2022 Toronto housing starts highest in a decade

DCN-JOC News Services
2022 Toronto housing starts highest in a decade

OTTAWA — Housing starts in the Toronto Census Metropolitan Area (CMA) concluded 2022 at 45,109 units, 7.6 per cent higher than in the prior year, Canada Mortgage and Housing Corporation (CMHC) has reported.

The total marked the highest level since 2012 (48,105 units) and the fourth highest number on record. The growth in housing starts was entirely attributable to the multi-unit segment, comprised of semi-detached homes, row homes and apartments, stated a release.

There were 38,780 multi-unit starts in 2022 in Toronto, the largest number on record. The majority of these were apartments, of which most were condominiums.

Viewed through seasonally adjusted annual rate (SAAR) data, the monthly SAAR of total housing starts for all areas in Canada declined five per cent in December (248,625 units) compared to November (263,022 units). The SAAR of total urban starts also declined five per cent, with 227,708 units recorded in December.

Multi-unit urban starts nationally decreased four per cent to 182,850 units, while single-detached urban starts fell 11 per cent to 44,858 units.

Rural starts were estimated at a seasonally adjusted annual rate of 20,917 units.

The trend in housing starts was 269,930 units in December, down one per cent from 273,801 units in November. The trend measure is a six-month moving average of the monthly SAAR of housing starts.

The level of actual housing starts activity in the Montreal CMA was in line with pre-pandemic levels in 2022 with 24,000 housing starts, representing a decrease of 25 per cent compared to 2021. The level of housing starts in 2021 was nevertheless a 30-year record.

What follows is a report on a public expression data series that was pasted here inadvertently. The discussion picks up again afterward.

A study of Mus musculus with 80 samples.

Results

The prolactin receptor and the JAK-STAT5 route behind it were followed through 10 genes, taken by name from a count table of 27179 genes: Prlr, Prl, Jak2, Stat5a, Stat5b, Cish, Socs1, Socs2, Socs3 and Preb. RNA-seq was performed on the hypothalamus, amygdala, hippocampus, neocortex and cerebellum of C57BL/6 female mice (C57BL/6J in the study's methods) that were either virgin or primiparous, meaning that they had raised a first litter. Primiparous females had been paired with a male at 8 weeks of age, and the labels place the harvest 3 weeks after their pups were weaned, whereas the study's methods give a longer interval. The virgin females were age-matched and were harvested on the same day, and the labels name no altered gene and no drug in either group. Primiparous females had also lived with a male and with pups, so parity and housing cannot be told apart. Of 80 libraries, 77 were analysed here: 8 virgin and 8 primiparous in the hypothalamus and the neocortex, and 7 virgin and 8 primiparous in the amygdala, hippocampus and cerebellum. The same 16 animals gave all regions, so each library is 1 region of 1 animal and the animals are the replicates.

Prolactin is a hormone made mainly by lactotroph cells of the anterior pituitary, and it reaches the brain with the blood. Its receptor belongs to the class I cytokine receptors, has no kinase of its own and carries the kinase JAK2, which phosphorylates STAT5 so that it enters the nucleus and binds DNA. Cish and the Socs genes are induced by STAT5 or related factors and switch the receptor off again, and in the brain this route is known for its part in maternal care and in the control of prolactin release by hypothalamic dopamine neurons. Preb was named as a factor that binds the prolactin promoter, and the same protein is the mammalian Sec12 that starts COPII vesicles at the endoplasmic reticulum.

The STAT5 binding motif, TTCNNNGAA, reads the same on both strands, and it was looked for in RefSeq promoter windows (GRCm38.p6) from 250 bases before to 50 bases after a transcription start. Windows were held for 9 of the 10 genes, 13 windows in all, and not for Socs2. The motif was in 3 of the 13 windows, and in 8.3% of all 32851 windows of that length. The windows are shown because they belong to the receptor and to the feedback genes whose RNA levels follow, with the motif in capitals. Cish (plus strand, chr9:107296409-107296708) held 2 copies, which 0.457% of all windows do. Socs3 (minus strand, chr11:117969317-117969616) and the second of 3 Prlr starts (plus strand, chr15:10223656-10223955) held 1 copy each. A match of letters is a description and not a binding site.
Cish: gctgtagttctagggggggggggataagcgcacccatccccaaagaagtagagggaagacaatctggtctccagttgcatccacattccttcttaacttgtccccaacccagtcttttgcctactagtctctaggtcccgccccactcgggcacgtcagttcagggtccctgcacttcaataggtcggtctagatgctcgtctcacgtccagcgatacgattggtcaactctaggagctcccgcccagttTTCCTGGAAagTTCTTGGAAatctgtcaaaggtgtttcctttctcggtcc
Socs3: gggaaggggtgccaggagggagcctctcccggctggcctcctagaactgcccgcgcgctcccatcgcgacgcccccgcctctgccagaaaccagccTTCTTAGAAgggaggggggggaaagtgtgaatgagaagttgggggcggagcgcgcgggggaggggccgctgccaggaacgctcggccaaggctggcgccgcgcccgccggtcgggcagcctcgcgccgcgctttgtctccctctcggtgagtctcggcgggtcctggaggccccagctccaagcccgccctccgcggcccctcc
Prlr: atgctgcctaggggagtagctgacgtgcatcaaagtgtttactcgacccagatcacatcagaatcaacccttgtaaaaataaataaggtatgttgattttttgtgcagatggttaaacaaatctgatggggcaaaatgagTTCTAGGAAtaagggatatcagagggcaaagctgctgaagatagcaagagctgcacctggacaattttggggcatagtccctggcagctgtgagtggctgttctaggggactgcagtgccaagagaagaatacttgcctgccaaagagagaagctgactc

The decrease of Montreal housing starts was observed across all market types (homeowners, rentals, condos), with rental starts continuing to be the number one product built in the CMA, representing 61 per cent of all housing starts in that market.

“The 2022 year ended with a slight decline for both the monthly SAAR of housing starts and the trend at the national level in December,” said CMHC chief economist Bob Dugan in a statement. “However, Toronto, Montreal and Vancouver all posted increases in total SAAR housing starts, with Toronto posting a significant increase of 72 per cent in December.”

The rate of new construction continued at an elevated pace in 2022 overall, ending the year with actual total urban starts at 240,590 units (down one per cent) in Canada, similar to levels observed in 2021 (244,141 units), Dugan noted.

“While these additional units will provide much-needed supply on the market, demand for housing in the country will continue to grow.

“We need to find innovative ways to deliver more housing supply and keep building at a higher pace in the coming years in order to improve affordability.”